SALT LAKE CITY (ABC 4 Sports) - The Utah-BYU rivalry will be heated no matter when it's played. But because it's being played earlier than ever before this season, perhaps the intensity and hatred will be calmed down a bit. Or, maybe not.
"It's still as big as ever," said Utes quarterback Jordan Wynn. "You want to do anything and whatever it takes to get a win in this game."
"Obviously it doesn't have conference implications for either of us," added Utes offensive lineman Tony Bergstrom. "But it has every other kind of implication you can think of."
"I think it's going to be the same old rivalry," said BYU linebacker Jameson Frazier. "It's going to be a heated, tough battle that's going to be fought to the bitter end."
But has the rivalry gotten too bitter? From Max Hall saying he hated everything about Utah, to Kyle Whittingham's wife getting attacked, to pre and post game altercations, both coaches think that fans and players alike need to take a step back from their emotions.
"It has gotten a little bit overboard in situations to say the least," said Whittingham. "But hopefully, cooler heads will prevail this year."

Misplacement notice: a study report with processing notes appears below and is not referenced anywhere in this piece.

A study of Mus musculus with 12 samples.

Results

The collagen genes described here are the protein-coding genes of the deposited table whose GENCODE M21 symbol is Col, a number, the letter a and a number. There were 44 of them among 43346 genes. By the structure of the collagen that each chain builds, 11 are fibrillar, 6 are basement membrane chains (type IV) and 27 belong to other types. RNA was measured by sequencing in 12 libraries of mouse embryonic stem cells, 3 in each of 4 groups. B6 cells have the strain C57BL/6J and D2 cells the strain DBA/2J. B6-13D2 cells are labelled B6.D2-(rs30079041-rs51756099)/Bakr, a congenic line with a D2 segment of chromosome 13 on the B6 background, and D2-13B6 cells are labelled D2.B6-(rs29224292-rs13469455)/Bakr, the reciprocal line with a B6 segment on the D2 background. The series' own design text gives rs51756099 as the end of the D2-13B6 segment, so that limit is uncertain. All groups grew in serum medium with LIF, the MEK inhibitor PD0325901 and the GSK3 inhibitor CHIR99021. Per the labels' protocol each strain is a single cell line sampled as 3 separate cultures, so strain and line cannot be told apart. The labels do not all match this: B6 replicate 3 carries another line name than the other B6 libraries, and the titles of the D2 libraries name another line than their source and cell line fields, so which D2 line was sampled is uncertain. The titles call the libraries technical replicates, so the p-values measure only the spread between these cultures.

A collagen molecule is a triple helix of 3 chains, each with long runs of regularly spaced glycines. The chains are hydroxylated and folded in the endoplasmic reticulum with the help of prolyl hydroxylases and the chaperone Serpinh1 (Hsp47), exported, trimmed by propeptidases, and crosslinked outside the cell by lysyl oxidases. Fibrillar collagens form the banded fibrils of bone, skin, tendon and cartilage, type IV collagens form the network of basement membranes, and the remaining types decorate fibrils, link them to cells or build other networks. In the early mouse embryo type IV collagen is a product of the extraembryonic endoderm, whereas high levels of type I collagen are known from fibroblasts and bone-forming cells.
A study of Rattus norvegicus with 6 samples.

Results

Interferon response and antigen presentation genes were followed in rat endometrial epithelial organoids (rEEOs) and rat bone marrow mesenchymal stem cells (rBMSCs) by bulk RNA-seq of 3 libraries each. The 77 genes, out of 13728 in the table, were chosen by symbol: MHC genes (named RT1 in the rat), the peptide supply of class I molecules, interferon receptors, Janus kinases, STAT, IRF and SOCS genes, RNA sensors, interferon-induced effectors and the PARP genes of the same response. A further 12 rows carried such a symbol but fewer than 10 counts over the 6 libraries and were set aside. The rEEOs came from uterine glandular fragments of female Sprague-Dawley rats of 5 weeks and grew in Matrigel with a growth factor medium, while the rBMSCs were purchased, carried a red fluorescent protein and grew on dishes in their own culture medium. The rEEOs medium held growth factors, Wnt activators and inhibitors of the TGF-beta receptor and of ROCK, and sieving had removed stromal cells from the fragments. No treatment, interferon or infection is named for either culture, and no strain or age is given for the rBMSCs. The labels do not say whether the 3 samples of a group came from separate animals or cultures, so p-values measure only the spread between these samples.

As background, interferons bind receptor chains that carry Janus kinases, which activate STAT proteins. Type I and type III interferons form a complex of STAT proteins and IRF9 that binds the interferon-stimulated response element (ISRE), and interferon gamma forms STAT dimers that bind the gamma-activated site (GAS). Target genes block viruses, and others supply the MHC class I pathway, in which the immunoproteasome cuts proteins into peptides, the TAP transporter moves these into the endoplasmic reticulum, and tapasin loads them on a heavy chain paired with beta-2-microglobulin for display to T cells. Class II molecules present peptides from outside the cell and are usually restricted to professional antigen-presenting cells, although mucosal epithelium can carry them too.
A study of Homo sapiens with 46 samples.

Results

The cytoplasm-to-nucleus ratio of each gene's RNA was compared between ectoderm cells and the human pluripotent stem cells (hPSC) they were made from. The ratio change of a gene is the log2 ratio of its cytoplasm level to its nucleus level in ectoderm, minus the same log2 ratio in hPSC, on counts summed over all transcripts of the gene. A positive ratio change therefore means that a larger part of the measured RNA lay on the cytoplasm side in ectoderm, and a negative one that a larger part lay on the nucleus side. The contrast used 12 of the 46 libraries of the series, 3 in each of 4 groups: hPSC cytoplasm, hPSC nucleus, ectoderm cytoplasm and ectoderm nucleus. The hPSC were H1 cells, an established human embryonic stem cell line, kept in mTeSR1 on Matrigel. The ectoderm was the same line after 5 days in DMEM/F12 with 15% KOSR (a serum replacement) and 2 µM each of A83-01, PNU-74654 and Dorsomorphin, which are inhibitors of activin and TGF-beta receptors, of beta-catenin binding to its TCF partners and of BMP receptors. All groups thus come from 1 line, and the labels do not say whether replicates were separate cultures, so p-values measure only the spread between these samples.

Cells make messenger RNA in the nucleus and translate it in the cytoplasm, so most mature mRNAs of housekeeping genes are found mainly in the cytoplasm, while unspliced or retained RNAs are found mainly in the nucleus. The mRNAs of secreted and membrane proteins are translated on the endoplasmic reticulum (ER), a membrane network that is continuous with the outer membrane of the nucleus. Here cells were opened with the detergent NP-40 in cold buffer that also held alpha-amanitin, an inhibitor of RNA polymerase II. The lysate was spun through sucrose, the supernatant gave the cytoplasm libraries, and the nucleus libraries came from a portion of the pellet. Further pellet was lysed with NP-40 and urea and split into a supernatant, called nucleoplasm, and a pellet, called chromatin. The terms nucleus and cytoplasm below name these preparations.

"I would just like it to be a first class rivalry," added BYU head coach Bronco Mendenhall. "The games certainly indicate that. They always seem to be competitive."
If history is any indication, this year's game should be very competitive. Five of the last six games BYU and Utah have played have gone down to the final play, including the last two. In 2009, Andrew George scored the winning touchdown in overtime for BYU, while Brandon Burton blocked a field goal last year to give Utah the dramatic victory.
"That part of it is very exciting," said Mendenhall. "All the rest of it, in terms of how my neighbors and anyone else reacts to it, I could do without."
While there may be no controlling the fans, the players will try to keep their emotions in check during the game.
"It's pretty hostile on the field," said Wynn. "A lot of guys played each other throughout high school, so there's a lot of emotion."
"The hatred is always there when you're playing the game," said Utah linebacker Chaz Walker. "But after the game, we go back to being civil."
"We don't want to stir up anything more than is already there," said BYU running back Bryan Kariya. "There's a lot of hype about this game already, and I don't think we need to contribute to it."